Climate Partners won the Quality Home Comfort Award for a custom home comfort design for a beach house along the shore of Long Island Sound, CT. The house posed many issues but in the end, Climate Partners was able to pull off another successful home comfort design.
Homeowners, Ed and Cindy Pohl, contacted Climate Engineering to do the project because of their reputation and expertise in comfort renovating, as well as their recognition as five time Quality Home Comfort Award winners since 1995. They knew exactly what they wanted and that was the right system design and install in their dream home.
The house had an open floor plan with large expanses of glass to emphasize the ocean views and sounds right outside the home. Many problems and factors arose, including the site and design of the home, that set the stage for the award-winning job. Large windows wrapped around the back of the home, and the floor plan didn't accommodate placement of registers, grilles, and diffusers. Climate Engineering had to ensure that no condensation would form on the insides of the windows, even if cold winds were able to agitate them. They also had to consider enormous solar gains that are present during all four seasons due to the large windows facing southeast.
Other problems also came into consideration including the open stairways connecting three flights of stairs that served as a mixing chamber for the home's air. The informal open floor plan also had independent temperature zones that needed to be maintained despite the diverse exposure of the rooms, and since the homeowners often used the home to entertain guests, the open floor plan needed to have the ability to modulate and adjust to varying occupancies and uses year-round.
The home was also located along a flood zone with no basement, so local codes dictated the mechanical and electrical systems set-up and position so that they wouldn't be negatively affected in the case of a flood. The vaulted ceilings meant there was no attic for equipment, and the demanding homeowner would only accept what's best for his home.
Although the project posed many issues, Tom Casey with Climate Engineering, was confident that they could exceed the Pohl's expectations due to their experience with difficult retrofit jobs. This was not a retrofit job, but Tom Casey said that new construction was a much easier task because “you can meet with the general contractor and create spaces to do what you need to do. You can say, 'We need this much room,' and while you might not get exactly what you ask for, you'll generally at least get something you can work with. On a retrofit, you're always trying to squeeze your solution into the existing configuration of the house.”
Tom Casey also didn't mind the demands of the Pohl's as they were willing to listen and learn throughout the process, so they understood what it would take to make the job right. The job became a partnership between the Pohl's and Climate Engineering.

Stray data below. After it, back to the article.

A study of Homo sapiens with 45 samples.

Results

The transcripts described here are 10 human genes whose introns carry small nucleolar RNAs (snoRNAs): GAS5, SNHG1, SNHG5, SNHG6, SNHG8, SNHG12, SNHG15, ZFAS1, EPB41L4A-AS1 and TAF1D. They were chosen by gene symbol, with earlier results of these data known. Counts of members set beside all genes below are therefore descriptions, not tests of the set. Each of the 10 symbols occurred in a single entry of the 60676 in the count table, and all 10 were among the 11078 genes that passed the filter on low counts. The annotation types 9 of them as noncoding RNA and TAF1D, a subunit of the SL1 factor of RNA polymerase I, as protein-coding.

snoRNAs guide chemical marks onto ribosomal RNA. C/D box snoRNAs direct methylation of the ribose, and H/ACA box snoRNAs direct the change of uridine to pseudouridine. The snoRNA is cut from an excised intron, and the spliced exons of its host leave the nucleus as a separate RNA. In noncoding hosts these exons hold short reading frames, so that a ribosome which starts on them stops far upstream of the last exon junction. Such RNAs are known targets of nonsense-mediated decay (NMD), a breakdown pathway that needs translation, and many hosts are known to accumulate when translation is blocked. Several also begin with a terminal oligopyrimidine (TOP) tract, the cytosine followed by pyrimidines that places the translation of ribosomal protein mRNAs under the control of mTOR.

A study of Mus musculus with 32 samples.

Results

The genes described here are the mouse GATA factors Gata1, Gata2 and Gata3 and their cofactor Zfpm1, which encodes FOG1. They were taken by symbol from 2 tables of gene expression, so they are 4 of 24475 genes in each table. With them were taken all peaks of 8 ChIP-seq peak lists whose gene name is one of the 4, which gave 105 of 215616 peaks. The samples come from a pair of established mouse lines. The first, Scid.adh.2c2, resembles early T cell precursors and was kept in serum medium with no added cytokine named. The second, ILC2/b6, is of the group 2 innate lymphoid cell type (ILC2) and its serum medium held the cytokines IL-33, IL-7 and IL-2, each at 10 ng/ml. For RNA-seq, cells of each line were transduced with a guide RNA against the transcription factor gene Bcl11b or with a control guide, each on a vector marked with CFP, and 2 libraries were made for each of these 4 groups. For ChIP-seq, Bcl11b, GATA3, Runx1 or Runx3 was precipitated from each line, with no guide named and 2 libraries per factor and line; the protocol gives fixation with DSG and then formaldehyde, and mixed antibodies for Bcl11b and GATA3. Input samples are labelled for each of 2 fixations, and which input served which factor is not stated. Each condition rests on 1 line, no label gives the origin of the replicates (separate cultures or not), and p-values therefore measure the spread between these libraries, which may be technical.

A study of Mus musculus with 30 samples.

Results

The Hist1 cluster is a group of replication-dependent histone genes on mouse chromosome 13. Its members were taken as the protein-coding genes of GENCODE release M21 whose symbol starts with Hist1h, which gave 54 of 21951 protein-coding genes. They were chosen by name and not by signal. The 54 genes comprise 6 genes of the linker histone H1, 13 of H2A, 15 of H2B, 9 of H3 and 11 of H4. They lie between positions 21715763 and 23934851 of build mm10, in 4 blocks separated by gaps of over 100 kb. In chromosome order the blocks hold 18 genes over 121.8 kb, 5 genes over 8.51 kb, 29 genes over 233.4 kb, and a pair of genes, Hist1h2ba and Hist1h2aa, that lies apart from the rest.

The President of Architecture, Jim Venno, also said “Climate Engineering was just masterful in the way they handled the Pohl's house. They were among the best I've ever seen at designing and installing a system to handle the needs of a unique structure.”
The challenges posed by large windows were solved by dedicating specific zones to them and evenly distributing air along all the glass. Close attention was paid to the placement of registers and grilles to serve a three-fold purpose of preventing drafts, eliminating condensation on the windows, and maintaining nearly silent noise levels. The dedicated zones for the windows were able to keep glass temperatures above the dew point, which is key to preventing condensation and moisture problems. Climate Engineering's design keeps the glass clear by “washing” the insides of the windows with conditioned air.
The beachfront home sits on pilings with walls that were designed to break away if a flood occurs, allowing the home to stand without the walls, but Climate Engineering conditioned the walls to enhance the comfort of the first floor's tile flooring. They also added an extra modulating zone with programmable controls and a dedicated return inlet into the system to provide warm air to the storage basement so that the Pohl's never had to worry about the discomfort of cold floors.
The system needed to be inconspicuous in appearance and sound levels because the Pohl's wanted to keep an emphasis on quiet, unobtrusive comfort. Careful attention was paid to duct design, register and grille placement, and the variable air volume control strategy to ensure the silent comfort of the home.
The final component of the job was complete system commissioning which included the start-up of each piece of equipment, clocking gas furnace inputs, digital combustion analysis to verify efficiency, cycling and proving all limits and switches, checking the cooling systems using charging charts and superheat/subcooling to test for proper refrigerant levels, measuring all temperature rises and drops to ensure they're within an acceptable range, and performing carbon monoxide tests. Additionally, all systems were fully air balanced, including static pressure testing of the furnaces and coils, and air flow at each register was verified with an electronic flow hood.
Commissioning is necessary to make sure that everything is working properly by measuring and testing every aspect, then identifying and correcting any issues so that customers never know that there was a potential problem. The Pohl's are not only very satisfied with the quality of their home comfort system, but also with the quality of Climate Engineering and its people. “Everyone from Climate Engineering has been very nice and very professional, and they did a great job,” said Cindy Pohl. “In fact, we'd like to adopt their salesman, Sean Banks, He really took very good care of us.”